Barcelon-based Fernando Amat – who created the first Camper shop in 1981 and subsequently designed the Casa Camper hotels in Barcelona and Berlin – wanted the new store to be as functional as possible, but to also direct focus to the shoes.
"The idea is to highlight the product through a system of modules dramatised by dioramas, where the shoes are the protagonists and the brand's logo acts as the background," he said.
Customers navigate their way through a series of partitions and mirrored boxes with cut out sections that display the shoes. These can be reconfigured each season to suit different styles.
"The mise-en-scene is naturally reconfigured each season with the arrival of new collections and the accompanying visuals," explained Amat.
The ceiling is painted dark to direct customers' focus on the shoes. This is exaggerated by horizontal fluorescent tubes that hang over the side of the partitions.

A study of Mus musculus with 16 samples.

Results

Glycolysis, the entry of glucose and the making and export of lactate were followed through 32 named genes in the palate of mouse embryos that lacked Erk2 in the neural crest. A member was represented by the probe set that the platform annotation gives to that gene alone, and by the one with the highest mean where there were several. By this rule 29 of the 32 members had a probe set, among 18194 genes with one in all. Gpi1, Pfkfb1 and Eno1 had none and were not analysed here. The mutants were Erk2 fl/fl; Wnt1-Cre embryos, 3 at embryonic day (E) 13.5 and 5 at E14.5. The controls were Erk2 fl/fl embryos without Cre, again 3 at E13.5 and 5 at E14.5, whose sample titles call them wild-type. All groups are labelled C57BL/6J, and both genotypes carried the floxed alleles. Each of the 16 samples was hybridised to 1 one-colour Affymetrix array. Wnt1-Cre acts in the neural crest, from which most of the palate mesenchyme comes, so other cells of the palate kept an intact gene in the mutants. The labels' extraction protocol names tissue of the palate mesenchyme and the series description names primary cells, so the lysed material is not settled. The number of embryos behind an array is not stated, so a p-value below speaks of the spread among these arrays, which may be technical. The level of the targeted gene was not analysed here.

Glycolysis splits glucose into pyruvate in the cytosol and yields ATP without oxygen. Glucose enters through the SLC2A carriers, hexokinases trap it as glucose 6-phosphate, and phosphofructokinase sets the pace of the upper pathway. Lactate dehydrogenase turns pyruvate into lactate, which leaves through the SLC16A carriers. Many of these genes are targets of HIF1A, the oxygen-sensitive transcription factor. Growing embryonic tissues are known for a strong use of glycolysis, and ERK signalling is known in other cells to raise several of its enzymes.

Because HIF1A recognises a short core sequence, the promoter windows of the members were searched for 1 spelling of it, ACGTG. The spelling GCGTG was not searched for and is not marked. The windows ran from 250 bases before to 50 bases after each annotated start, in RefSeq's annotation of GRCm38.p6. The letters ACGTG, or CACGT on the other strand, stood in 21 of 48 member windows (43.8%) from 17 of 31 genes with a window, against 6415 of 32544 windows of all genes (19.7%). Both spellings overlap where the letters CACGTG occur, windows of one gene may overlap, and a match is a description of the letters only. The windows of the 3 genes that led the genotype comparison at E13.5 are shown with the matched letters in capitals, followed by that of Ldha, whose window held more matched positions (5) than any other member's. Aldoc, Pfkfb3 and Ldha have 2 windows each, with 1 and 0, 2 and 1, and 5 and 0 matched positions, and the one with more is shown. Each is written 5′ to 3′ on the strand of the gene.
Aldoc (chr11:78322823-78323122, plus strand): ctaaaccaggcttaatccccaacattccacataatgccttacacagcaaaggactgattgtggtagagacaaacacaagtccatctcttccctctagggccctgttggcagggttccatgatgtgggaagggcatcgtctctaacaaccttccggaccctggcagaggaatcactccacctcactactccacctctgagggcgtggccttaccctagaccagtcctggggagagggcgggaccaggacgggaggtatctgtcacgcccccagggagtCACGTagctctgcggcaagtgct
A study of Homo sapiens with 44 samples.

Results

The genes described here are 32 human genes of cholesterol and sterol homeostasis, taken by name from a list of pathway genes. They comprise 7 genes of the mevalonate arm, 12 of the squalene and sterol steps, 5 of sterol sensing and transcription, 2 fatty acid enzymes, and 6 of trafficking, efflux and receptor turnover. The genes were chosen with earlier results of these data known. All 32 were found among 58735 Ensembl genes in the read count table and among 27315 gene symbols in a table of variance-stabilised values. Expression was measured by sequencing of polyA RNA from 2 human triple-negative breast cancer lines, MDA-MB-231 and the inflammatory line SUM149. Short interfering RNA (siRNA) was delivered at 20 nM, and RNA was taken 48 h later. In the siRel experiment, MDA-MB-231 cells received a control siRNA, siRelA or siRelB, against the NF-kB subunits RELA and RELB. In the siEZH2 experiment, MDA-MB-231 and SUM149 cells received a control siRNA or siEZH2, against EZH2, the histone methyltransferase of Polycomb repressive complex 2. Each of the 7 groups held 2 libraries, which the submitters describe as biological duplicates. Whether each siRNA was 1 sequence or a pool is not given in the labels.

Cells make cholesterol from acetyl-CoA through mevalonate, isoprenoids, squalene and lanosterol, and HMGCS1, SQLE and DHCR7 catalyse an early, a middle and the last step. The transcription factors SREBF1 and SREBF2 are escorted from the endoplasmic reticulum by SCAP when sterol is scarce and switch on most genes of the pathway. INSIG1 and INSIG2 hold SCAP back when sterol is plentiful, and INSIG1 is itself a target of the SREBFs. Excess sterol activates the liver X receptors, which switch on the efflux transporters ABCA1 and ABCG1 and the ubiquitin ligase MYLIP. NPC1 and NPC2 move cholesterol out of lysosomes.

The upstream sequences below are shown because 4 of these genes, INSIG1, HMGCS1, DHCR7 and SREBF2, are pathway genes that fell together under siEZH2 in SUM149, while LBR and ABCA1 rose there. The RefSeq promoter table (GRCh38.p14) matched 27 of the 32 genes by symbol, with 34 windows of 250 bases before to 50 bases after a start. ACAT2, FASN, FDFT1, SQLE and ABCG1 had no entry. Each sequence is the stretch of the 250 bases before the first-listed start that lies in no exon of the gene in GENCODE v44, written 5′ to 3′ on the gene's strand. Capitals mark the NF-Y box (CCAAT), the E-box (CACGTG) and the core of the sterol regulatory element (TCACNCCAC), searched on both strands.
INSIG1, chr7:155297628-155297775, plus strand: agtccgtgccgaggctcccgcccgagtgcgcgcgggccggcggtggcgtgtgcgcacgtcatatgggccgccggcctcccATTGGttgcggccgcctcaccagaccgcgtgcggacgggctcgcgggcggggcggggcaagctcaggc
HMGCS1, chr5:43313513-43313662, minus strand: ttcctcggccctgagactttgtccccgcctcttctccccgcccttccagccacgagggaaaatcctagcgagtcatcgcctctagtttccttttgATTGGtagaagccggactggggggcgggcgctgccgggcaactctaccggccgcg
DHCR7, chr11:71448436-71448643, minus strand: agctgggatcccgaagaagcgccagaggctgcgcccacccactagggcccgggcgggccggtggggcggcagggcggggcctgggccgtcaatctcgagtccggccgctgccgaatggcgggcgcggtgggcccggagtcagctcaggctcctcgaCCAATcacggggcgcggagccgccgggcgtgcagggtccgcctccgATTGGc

"The dark ceiling helps to focus the view of the product on display and the customer can comfortably walk through the shop, like a museum, between the modules and the set of mirrors that broadens the perception of the space," added the designer.
The wooden floor partially extends up some of the walls, which are decorated with framed prints.
Steel tables offer additional display areas, while leather benches provide seating areas for customers.
Camper now has over 300 stores worldwide and has worked with various designers to develop unique interiors. Chinese architects Neri&Hu recently completed a Shanghai store, while Japanese studio Nendo has designed stores in America and Japan, and Ronan & Erwan Bouroullec created a Paris shop.
Photography is by Sanchez and Monotoro.